When it comes to exercise, watercress might be the ticket

Posted by on Apr 30, 2012 in diet, exercise | 4 comments

Watercress and exercise? Who would have thunk that this peppery wonder veg may help to protect against cellular damage that results from high level exercise? Mind you, this initial information comes from a miniscule study of 10 men but it may carry some important information to file for the future.

Watercress is one of the oldest green vegetables known to man and evidently can be traced back to ancient Greece and Persia. But regardless of its history, this salad green is a good source of vitamins C, A, E and K, and is rich in antioxidants, so much so that when ingested, it may help to reduce oxygen free radicals that can cause damage to cells, including those that are generated during extreme, exhaustive exercise (i.e. to the point near fatigue).

In this study, which appears in the British Journal of Nutrition, 10 healthy men in their early 20s ate roughly 3 ounces of fresh watercress in a single sitting for eight weeks. They then got on a treadmill and were tested to exhaustion.  Thereafter, they stopped eating watercress for another 8 weeks and repeated the test. Both times, researchers drew blood. In the second half of the study, half the men stopped eating watercress, and half ate the same amount as before with water, rested for two hours and then completed the same exercise test while the other half didn’t eat watercress but did drink water and repeated the test.

The results?

Exercising to exhaustion did induce damage to the men’s DNA. However, eating watercress appeared to reduce the degree and extent of the damage, both in the short and long-term and men who did not eat the watercress in the second half of the study had more DNA damage than those who did. What’s more, watercress did not have an accumulative effect; in fact, eating it just two hours prior to exercise appeared to boost its protective properties.

In a related press release, lead researcher Dr. Mark Fogarty explains that “the increased demand on the body for energy can create a build-up of free radicals which can damage our DNA. What we’ve found is that consuming a relatively small amount of watercress each day can help raise the levels of important antioxidant vitamins which may help protect our bodies, and allow us to enjoy the rewards of keeping fit.”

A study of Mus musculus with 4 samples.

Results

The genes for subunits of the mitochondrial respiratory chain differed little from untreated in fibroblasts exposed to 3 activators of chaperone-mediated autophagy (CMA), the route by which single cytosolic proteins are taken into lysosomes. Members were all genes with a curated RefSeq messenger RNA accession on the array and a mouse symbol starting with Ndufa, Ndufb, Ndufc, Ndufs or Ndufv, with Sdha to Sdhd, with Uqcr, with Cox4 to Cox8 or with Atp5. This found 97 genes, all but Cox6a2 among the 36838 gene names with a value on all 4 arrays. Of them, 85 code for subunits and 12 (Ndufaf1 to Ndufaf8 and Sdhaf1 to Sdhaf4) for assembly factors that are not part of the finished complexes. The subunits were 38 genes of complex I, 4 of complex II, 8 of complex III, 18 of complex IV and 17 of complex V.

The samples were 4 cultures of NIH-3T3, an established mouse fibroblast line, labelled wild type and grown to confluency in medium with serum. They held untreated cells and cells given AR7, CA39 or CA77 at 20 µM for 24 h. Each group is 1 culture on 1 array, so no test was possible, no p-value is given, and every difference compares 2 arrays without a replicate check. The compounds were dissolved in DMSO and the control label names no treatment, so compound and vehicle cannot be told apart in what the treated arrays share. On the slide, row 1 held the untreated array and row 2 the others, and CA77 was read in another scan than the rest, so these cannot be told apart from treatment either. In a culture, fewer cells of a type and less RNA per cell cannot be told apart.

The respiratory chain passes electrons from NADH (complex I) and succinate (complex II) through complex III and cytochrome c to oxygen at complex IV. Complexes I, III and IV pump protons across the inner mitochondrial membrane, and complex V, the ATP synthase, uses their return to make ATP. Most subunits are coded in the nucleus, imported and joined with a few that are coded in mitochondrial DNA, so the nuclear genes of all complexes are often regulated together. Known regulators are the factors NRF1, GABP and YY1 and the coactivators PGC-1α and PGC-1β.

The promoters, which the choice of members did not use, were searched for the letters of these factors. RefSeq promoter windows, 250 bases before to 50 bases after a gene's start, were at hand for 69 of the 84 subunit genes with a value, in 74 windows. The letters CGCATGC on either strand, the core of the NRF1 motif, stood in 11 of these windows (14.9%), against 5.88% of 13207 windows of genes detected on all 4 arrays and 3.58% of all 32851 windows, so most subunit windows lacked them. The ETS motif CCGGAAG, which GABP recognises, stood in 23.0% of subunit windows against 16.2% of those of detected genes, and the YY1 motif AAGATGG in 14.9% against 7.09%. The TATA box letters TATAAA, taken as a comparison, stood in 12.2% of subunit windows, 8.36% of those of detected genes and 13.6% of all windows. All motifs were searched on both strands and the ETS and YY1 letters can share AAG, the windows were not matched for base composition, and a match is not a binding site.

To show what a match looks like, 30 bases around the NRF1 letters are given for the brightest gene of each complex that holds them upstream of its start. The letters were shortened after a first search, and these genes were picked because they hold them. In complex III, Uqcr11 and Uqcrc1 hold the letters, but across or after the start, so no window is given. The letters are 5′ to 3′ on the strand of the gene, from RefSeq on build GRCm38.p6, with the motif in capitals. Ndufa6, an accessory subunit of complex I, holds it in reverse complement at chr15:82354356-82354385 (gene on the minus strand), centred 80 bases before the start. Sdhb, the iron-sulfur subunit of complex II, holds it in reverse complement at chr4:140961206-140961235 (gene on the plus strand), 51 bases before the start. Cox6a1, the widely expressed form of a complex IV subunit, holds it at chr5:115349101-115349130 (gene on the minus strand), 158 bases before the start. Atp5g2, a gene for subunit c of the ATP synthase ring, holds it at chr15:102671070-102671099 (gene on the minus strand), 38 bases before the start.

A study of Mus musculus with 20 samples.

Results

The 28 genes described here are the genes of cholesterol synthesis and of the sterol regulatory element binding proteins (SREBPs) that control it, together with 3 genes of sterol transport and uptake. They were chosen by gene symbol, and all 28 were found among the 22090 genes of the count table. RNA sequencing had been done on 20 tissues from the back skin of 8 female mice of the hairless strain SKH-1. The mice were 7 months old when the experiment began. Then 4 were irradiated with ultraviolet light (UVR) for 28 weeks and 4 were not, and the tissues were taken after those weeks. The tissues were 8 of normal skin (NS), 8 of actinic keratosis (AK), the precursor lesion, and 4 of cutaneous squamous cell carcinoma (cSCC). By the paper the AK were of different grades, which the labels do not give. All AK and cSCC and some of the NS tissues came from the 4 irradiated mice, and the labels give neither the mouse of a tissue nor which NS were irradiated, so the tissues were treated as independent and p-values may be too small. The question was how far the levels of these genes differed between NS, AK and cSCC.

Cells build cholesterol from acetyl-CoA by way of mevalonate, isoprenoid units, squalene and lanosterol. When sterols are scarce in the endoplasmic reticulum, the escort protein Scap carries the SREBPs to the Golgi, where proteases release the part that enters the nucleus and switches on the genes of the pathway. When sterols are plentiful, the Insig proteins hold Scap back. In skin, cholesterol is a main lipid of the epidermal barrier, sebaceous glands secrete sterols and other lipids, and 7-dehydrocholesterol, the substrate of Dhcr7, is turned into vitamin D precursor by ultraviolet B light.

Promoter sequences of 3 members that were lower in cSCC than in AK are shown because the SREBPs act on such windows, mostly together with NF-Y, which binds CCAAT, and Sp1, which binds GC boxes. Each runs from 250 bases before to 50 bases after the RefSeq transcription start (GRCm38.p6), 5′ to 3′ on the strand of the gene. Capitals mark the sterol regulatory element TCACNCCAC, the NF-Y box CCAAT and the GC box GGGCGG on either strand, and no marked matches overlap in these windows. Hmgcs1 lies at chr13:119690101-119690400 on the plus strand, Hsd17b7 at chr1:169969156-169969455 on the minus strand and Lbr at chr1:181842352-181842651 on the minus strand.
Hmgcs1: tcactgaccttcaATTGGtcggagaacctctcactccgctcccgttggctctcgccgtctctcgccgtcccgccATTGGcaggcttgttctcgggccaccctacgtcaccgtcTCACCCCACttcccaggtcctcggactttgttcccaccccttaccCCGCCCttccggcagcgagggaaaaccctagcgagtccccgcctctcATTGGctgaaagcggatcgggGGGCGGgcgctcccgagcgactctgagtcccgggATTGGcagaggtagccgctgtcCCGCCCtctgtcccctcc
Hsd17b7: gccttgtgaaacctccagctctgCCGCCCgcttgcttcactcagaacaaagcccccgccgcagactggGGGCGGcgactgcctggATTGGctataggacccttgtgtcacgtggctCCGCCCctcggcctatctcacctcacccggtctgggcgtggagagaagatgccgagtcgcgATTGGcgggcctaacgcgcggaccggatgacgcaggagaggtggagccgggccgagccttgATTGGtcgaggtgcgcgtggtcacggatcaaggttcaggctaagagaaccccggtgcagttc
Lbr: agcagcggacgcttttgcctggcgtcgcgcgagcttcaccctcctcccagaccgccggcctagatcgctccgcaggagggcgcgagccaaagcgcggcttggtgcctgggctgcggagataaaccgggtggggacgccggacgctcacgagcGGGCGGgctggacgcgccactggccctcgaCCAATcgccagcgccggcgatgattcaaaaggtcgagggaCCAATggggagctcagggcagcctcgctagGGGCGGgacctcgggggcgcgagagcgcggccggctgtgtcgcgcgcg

In fact, watercress is one of the most antioxidant-rich green leafy vegetables available. Its protective effect  may be the result of high concentrations of sulfur-containing nutrients known as glucosinolates (which are also found in broccoli, cabbage, brussel sprouts, cauliflower and cabbage) and carotenoids (plant pigments that the body converts to vitamin A that also protect against free radical damage). Watercress is also known to boost the beneficial action of other antioxidants, including beta-carotene, alpha-tocopherol and ascorbic acid.

Clearly, watercress needs to be studied in greater numbers of men and women and in different age groups. In the meantime? Eating watercress can’t hurt and may even help with much needed post-exercise repair.


  1. 4-30-2012

    Thanks for this post, Liz. Besides the imperfectness of this tiny trial, which you point out, what’s curious is that in 2012 we still have essentially no idea how almost any vegetables “work” to make us healthy.

    • 4-30-2012

      That is so true Elaine. And that is also what makes the concept so exciting IMHO!

  2. 5-1-2012

    I also find myself wondering where one purchases watercress these days? I can’t think of ever having seen it in a grocery store or in any garden I’ve paid attention to. I do remember reading about in English literature…hmmmn.

    • 5-1-2012

      I eat it all the time and LOVE it! Whole Foods carries it and I imagine that other similar groceries would as well.